Wednesday, October 06, 2004

Pulling punches

All that disturbing imagery about corridors and bones and fortresses...well, let's just say the scene went well. I'd gotten about halfway through it when a comment made by one of my crit group members made me go back and look at it again to see whether I'd lived up to her expectations. She was envisioning a certain nuance and feel to the scene, and suddenly I wasn't sure whether I'd done as well in expressing that as I could. When I read it over I realized that the answer was no. I hadn't done the job; I'd pulled the punch. So I went back into it and added what I'd left out. Incidentally, taped to the front of my printer is a fortune cookie slip with the words "Do it right the first time."

Not too long ago another friend asked me what type of reputation I wanted to cultivate as a writer. Some of my scenes are rather explicit in various ways, and as I gain skill they're only going to get more so. I'm not exactly exploring easy issues here. Rape, murder, teenage pregnancy, intimacy of varying degrees, polygamy, Machiavellian policies, slavery, loss, self-sacrifice...and the list goes on. I could, as one character puts it, "softcoat the issue" and paint a picture that is just a little blurred around the edges to soften them, make things easier on the reader. But if that's what I'm going to do, then why write about those issues at all? Perhaps a cookbook or crafts handbook would be better.... Nah! Not my department.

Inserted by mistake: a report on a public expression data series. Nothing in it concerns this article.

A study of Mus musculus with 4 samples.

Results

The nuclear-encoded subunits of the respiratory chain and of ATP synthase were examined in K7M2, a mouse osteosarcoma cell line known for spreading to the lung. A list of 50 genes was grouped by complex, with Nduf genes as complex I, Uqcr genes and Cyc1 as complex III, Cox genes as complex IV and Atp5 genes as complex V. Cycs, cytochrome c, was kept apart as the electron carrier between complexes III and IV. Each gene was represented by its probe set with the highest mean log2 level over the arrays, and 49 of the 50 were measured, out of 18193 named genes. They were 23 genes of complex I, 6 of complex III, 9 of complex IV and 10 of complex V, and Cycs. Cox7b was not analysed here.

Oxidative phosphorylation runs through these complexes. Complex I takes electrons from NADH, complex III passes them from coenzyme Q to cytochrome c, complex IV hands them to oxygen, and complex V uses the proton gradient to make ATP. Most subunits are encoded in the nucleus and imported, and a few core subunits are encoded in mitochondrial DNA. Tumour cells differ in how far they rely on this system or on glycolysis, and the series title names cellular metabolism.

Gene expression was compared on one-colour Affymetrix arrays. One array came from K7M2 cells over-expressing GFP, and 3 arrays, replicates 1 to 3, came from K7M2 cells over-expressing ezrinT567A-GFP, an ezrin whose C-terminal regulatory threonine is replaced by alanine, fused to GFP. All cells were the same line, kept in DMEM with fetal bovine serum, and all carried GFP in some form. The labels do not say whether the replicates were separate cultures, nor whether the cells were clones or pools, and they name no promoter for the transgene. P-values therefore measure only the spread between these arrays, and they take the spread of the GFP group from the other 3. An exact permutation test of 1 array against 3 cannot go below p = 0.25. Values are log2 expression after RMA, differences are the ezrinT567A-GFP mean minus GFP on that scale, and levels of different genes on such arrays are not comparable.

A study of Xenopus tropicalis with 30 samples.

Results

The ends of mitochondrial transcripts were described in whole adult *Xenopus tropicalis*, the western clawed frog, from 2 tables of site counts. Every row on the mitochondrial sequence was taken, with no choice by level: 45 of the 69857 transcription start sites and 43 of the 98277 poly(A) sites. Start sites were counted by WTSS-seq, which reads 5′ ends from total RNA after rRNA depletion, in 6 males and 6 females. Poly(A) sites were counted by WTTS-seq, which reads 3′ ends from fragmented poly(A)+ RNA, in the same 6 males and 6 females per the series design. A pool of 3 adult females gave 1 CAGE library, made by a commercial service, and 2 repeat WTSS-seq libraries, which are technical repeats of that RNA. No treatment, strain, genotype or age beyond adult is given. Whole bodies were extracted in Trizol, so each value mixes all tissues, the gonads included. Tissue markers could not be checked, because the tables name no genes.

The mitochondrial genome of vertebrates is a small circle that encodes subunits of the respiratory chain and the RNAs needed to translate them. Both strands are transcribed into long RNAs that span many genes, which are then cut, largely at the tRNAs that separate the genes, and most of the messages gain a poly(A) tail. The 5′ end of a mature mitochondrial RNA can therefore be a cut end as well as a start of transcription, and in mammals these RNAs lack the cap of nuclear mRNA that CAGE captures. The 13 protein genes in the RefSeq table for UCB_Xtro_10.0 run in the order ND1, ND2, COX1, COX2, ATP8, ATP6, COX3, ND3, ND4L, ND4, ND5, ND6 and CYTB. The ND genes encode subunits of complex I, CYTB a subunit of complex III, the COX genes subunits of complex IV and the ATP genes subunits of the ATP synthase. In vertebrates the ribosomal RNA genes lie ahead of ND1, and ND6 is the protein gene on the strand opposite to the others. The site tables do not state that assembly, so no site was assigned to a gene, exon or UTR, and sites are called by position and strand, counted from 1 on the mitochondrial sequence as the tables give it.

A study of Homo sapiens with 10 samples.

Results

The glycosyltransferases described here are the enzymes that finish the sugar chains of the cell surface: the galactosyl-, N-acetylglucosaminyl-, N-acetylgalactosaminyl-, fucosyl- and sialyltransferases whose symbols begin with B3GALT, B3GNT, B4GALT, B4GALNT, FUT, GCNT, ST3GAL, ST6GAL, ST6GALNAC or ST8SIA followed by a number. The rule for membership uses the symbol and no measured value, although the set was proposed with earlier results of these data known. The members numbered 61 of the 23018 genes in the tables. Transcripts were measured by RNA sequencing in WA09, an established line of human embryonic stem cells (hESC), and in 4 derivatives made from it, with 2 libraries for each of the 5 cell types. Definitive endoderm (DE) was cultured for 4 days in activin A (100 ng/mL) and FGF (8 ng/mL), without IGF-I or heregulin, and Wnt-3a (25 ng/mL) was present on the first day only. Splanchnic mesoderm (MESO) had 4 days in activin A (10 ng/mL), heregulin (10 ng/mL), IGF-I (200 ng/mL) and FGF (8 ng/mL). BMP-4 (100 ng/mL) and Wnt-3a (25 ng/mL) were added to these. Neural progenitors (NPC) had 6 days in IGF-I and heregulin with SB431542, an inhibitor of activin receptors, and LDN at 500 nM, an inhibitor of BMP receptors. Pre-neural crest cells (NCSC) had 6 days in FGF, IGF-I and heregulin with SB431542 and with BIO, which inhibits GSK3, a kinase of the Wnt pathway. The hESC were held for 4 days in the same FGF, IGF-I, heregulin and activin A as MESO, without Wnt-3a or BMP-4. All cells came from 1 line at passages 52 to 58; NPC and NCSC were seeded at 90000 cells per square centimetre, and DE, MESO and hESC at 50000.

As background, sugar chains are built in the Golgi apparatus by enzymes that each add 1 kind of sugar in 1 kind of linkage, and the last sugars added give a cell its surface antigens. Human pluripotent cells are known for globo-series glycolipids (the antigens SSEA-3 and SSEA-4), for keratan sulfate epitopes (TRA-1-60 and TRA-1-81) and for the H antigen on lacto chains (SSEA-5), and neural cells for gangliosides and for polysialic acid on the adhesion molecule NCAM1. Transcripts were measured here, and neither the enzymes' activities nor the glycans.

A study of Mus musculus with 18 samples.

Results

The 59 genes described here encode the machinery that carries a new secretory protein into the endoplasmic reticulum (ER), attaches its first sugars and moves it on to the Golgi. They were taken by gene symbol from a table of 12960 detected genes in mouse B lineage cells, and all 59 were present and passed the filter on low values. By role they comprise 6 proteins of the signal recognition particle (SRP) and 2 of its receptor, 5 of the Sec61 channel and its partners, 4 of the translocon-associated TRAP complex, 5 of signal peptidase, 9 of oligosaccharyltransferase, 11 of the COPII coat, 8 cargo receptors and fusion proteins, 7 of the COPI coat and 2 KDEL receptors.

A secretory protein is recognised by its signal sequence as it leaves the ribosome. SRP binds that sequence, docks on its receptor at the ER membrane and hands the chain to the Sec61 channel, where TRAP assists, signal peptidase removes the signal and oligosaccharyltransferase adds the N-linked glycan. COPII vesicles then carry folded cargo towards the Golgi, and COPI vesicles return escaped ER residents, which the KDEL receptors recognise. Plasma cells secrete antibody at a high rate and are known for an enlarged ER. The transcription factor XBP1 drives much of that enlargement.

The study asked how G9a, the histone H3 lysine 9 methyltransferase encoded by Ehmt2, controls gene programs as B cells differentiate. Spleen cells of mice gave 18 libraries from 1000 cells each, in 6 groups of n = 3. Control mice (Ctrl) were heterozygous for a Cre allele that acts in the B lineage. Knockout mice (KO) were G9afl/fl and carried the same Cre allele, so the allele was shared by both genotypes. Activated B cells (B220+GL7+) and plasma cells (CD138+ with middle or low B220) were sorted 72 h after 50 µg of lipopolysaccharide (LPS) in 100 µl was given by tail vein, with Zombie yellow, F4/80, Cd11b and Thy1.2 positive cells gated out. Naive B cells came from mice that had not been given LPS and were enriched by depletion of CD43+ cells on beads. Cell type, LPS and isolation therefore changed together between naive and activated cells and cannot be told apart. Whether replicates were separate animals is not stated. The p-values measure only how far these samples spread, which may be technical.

I write epic fantasy, not cookbooks. But first and foremost, I write about human issues, and no human issue is ever easy. If I pull my punches, not only will the book not be as good, but I'll always know I could have done better, hit harder, maybe knocked down that wall that always seems to stand between any writer and publication--or even between a published writer and real success. So I'm not going to pull away from the hard issues. I'm going to plow right through the middle of them, damn the torpedoes. Every book I've ever loved and wanted to read over and over again was written by an author who wasn't afraid to tackle the hard questions about life.

Guess I should have known it would come down to this. 'Way back in First Grade when the teachers had my class perform Snow White as a Christmas play, it was my best friend who got the part of the beautiful, innocent Snow White. I, on the other hand, was cast as the wicked Queen.